Understanding Challenging Behaviour
Updated: May 12
Are you worried about your child's behaviour? Are they pushing all your buttons? If their behaviour is challenging, it’s not necessarily their fault - and it’s not necessarily the fault of your parenting skills. In fact, ‘Fault’ is not a very helpful description of the causes, which may be several.
It may be simply their age, It may be diet or sleep related. It may be to do with what is going in their life - or the world at large. As I write and the Corona virus pandemic is severely impacting our lives, there have been some amusing social media posts from parents who are having to home-school their kids AND observe a curfew: “Now I know what they have to deal with on a daily basis ,teachers deserve a huge pay rise” Challenging behaviour may signal an ability to communicate - even a coded cry for help. Children can struggle to express their fears and can easily go way pass the point of rational thought. The challenge for parents is to work out what is going on - are they in pain, are they exhausted, frustrated, afraid or just plain bored? The British Deaf Association say that 93% of communication is non verbal. Not quite sure how they worked that out but you get the point. Psychologists have a phrase for it: ‘acting out’. My daughter Poppy is pretty much self contained when it comes to schooling (though she can act out in other ways) but my son Spike has to comply to a medical treatment regime that is invasive, painful and disruptive of his daily life. Getting him to cooperate is frustrating, it’s a source of conflict in our family and it is a constant reminder of his condition. When his moods swing we have to do a quick process of elimination - did he have a relatively peaceful night? how is his input / output (has he absorbed his food & could his sodium levels be out), is he coming down with something or are these the symptoms of a normal growing boy? How do you deal with daily battles? What resources do you use? Aren’t you tired? These are just some of the questions I am regularly asked. There is no doubt that it is challenging, for both parents and siblings! So here are my tips as a mother and carer:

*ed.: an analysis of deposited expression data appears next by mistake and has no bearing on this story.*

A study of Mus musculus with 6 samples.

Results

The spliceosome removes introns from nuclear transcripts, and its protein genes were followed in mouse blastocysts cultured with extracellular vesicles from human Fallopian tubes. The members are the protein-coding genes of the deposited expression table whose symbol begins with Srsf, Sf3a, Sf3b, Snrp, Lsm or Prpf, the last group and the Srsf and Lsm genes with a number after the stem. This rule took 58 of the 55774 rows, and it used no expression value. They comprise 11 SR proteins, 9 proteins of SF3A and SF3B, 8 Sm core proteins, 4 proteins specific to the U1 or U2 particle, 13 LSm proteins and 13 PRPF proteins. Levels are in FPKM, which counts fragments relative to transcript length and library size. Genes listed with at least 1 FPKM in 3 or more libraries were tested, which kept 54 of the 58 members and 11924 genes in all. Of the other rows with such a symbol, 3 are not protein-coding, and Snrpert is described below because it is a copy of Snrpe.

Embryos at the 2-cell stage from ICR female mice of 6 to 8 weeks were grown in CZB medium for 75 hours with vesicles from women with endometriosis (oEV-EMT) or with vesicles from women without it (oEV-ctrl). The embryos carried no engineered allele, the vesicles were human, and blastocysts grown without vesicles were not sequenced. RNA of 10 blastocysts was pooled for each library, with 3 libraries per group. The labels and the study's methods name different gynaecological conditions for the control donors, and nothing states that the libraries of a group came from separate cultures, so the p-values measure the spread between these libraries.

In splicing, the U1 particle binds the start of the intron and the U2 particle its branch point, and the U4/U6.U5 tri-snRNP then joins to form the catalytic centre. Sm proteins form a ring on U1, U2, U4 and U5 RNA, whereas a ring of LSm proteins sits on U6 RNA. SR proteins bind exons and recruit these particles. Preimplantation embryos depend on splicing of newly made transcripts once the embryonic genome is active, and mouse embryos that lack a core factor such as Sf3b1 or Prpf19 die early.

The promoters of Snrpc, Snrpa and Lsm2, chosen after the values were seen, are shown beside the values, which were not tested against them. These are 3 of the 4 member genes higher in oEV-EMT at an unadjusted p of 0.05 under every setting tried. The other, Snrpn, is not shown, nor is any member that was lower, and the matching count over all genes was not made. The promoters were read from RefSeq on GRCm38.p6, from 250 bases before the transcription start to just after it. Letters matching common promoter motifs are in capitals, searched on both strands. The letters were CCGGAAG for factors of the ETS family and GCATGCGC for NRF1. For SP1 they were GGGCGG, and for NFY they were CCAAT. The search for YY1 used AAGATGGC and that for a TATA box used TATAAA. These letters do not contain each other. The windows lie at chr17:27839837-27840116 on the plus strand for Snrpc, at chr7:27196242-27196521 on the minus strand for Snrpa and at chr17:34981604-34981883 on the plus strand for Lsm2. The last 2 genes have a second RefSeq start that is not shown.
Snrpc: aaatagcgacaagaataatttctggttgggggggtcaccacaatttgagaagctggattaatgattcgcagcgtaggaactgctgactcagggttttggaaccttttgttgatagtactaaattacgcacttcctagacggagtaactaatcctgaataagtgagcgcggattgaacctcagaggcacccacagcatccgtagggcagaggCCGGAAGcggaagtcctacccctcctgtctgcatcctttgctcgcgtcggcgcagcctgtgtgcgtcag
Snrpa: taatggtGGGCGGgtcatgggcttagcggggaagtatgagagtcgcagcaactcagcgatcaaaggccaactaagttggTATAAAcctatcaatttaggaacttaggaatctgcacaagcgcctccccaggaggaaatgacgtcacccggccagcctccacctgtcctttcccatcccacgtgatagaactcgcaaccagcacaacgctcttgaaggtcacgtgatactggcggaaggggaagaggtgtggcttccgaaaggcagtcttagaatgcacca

Top Tips For Challenging Behaviour:
- Body language communicates a wealth of information - look at facial expressions, body movements & posture.
- Don't try to 'solve' the problem
- Recognise what triggers you and have strategies such as 'Distraction', 'Safe Space' and 'Focused Breathing'.
- Have regular discussions. I have found the 'Worry Tree' a really valuable aid when talking to my children. They both have a printout by their bed and we try to discuss any issues before they go to sleep - you can download a printable pdf from my Free Resources page HERE)
- Develop and sustain a consistent routine - this is super important
- Agree rewards and a reward system (and stick to it) - this can be a good way to ration computer time.
- Allow your child to be actively involved in their care.
- Give your child more responsibility and independence.
- Spend time with each child on their own every week.
- Try to relax and have some time on your own.
- Be conscious of your own tone of voice, and body language - what are YOU trying to communicate? Above all remember you are human - there will be days that you swear and shout and even storm out of the room....or is that just me? Especially at times like this when there is increased pressure on all of us, aim for establishing good habits for the longer term - rather than trying to be perfect (and self criticising for not being able to be so). Here is a YouTube Tip by Yvonne Newbold, the founder of SENDVCB Project and the author of The Special Parent’s Handbook.